If You Haven’t Tried It, You Should..

emoney

 

Wallied


Will
 

emoney

 

emoney

I was also able to some fret slots cut and the radius jig finished;
Hopefully by tomorrow I’ll have the fretboard radiused and ready to attach. I’ve also got my new binding jig finished. All this time is allowing me to accomplish a lot and I have to have some way to stay out of the wife’s hair. She’s an elementary teacher and is working from home as well. It’s safer and better for my health to be out in the shop as much as possible.
 

cmjohnson


I'm not (insert guitar company name here) and don't pretend I am. I am past the point of mere copying. Oh, sure, I make some guitars that are vaguely familiar, but who doesn't? The fact is that Gibson and Fender, and later PRS, pretty much defined the shapes of single and double cutaway shapes that make sense. Everybody else just tries to get close to those designs without getting too close for legal purposes. (Except those who copy exactly....a somewhat risky proposition but I see why some people like to do it.)

I start with the chainsaw disc. Then I go to a 60 grit sanding disc on the grinder. After that it's ROS sanding, starting at 80 grit and working my way down to finishing the fine contours at 320 grit. You just have to learn to use the curve of the sanding pad at different angles to get the carve contour you want.

Remember, a circular sanding pad allows you to use the pad to create any contour from flat to the radius of the pad, naturally, if you have a steady hand. And tighter, when your edge control is good.

As for radiusing fingerboards....just no. I get my fingerboards made custom for me by custominlay.com and that way I don't scrap any boards. They arrive correct or they get replaced. You can send them your own fingerboard blanks if you want specific pieces for fingerboards.
 

Zacknorton


Nice work
 

fatdaddypreacher

 

Neffco

 

emoney

 

fatdaddypreacher

 

cmjohnson


And then, switching to the ROS starting with an 80 or 100 grit velcro disc, the top carve starts to become well refined in much less time than you might think, with a little practice.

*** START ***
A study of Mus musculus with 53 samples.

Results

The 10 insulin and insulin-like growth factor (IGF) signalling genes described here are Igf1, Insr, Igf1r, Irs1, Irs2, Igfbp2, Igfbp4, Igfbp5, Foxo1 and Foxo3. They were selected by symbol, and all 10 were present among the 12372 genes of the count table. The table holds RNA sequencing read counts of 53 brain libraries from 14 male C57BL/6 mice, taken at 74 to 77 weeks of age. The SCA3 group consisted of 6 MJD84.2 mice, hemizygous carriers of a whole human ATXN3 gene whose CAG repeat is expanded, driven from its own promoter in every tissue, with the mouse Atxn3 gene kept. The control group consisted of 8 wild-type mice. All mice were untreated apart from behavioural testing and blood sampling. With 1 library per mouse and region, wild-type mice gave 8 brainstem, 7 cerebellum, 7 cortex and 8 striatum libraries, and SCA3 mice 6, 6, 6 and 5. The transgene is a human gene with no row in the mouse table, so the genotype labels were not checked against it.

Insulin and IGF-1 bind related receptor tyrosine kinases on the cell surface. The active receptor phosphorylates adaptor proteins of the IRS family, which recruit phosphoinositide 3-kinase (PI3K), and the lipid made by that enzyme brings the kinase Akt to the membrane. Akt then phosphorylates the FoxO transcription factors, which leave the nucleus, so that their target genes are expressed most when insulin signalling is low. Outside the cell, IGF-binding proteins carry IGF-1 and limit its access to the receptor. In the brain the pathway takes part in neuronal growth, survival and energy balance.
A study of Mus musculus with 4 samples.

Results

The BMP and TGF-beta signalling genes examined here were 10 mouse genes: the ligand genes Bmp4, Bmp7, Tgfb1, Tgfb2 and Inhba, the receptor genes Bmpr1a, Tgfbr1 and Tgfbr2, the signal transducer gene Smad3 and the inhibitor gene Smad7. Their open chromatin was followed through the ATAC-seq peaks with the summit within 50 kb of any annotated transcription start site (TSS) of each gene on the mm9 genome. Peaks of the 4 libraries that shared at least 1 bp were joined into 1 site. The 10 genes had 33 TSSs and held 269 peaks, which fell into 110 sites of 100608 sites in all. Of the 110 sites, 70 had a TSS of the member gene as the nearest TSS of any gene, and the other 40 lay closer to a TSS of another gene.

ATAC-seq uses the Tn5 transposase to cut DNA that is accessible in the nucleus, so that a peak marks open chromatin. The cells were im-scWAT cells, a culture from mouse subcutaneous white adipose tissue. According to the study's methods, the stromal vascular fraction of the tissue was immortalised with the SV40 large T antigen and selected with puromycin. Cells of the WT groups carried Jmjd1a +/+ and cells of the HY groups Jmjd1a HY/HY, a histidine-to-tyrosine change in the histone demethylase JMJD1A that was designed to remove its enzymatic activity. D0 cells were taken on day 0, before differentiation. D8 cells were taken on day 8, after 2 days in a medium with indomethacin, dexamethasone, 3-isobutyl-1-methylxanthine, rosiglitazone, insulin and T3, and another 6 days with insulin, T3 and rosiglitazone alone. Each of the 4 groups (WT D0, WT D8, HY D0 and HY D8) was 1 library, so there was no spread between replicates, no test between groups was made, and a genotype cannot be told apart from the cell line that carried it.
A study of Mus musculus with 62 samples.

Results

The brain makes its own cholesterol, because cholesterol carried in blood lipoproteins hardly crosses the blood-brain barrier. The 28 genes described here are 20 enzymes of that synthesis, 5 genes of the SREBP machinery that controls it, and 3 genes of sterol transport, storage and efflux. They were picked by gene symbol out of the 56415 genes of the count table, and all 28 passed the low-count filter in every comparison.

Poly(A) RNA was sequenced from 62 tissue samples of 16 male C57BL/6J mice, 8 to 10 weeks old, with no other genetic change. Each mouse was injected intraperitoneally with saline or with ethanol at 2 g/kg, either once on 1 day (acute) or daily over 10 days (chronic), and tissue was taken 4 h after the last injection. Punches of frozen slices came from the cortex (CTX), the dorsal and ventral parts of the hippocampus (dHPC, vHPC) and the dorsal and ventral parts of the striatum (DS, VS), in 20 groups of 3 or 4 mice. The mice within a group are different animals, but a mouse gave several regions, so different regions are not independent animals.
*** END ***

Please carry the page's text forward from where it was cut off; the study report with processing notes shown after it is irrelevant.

From first touch of the top with the chainsaw disc to the entire top carve being finished, recurved, and sanded to 320 grit, it's literally two hours of work.

For comparison, PRS's CNC mills take an hour to mill out a top carve and then the body goes to hand finish sanding which takes a few more minutes.

The key to doing the top carve by hand is in the illumination. You want to refine the curves and lines by using shadows as a guide. I recommend using a SINGLE light bulb in the room when finalizing the carve, and using the shadows to see how the carve is going. And that light bulb needs to be a regular incandescent lamp or other point source, not a fluorescent lamp or other larger illuminator.
 

Kennoyce

View attachment 448961
Then I made a cover for said hole;
Just out of curiosity, what type of wood is that? Grain looks like Ash or Oak, but the color isn't right for either.
 

fatdaddypreacher

 

emoney

I’m assuming you mean the covers; it’s a Florida Holly tree. My kids cut one down that was in front of their house and I kept a couple logs. Good eye, btw. You’ll see more of it in the headstock veneer
 

Kennoyce

Very Nice!
 

emoney

 

emoney

 

emoney


Added some binding;
 

emoney

I did, however, sneak a little time to clean up the fretboard, file down the end nubs and dry tape the binding on the body so it can get used to the shape.